Two rather large bits of news dropped on January 7th. The first is that UGO has bought 1up.com and its associated sites (GameVideos.com, MyCheats.com, and GameTab.com). Though some of the staff has been let go as a result of the buyout, the site will remain and supposedly get a boost from the services and financing this deal will provide.
The other side of this coin is that Electronic Gaming Monthly — one of the longest running and most respected magazines in gaming — has officially printed and shipped its last issue, the one for January 2009. News of the closure came rather suddenly, but wasn't completely unforeseen. Many longtime members of the EGM and 1up staff have left the Ziff Davis Media circle over the last several months, including writers/editors Crispin Boyer and Karen Chu, as well as former EGM EIC Dan Hsu. I actually saw Karen Chu at the Penny Arcade Expo and asked her point blank how things were going at the site/magazine prior to her departure, and while she tried to be reassuring that things were fine, it wasn't terribly convincing.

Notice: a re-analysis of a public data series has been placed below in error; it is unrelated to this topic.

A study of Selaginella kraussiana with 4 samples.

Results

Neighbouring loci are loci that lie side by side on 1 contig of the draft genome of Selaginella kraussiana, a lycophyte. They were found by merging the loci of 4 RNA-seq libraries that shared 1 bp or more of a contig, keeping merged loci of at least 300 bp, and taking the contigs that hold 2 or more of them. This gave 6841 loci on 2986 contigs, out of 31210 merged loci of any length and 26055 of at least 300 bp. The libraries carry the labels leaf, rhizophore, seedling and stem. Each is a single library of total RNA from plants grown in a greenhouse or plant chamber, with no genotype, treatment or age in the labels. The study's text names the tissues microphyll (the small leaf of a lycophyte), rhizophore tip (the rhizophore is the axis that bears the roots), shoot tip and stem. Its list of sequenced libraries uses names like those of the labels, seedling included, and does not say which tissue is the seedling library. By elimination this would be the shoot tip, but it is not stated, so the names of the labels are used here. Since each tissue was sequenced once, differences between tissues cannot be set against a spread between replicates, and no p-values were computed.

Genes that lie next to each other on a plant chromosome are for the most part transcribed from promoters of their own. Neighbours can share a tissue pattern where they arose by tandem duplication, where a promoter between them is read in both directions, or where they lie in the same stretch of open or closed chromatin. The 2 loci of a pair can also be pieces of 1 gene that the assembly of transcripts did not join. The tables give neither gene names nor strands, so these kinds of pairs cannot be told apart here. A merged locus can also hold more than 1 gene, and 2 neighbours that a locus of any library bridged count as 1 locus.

I went to 1up to see if they'd confirmed what I'd read elsewhere, and not only was there no mention of EGM closing its doors, they actually had an advertisement on the front page of 1up encouraging subscriptions to the magazine. What? Had I been misled? Unfortunately not, as openly confirmed on many of the editors' blogs, particularly current EIC James Mielke's write-up on the magazine's poignant demise.
So what's left? The 1up site will continue, and some leftover unpublished content from what would have been the February issue of EGM will end up on the site shortly, but losing this publication really is the end of an era. When other magazines were basically caving in to publishers on reviews and preview coverage simply to get more promo, and quietly inked deals to benefit both parties (despite its relative dishonesty to the consumer), EGM took a firm posture, giving the coverage and scores in a "call it like we see it" manner, praising the games that deserved it and scolding the repetitive, unpolished garbage that kept finding its way to store shelves. This stance became as unpopular with game publishers as it was popular with readers and others in gaming journalism.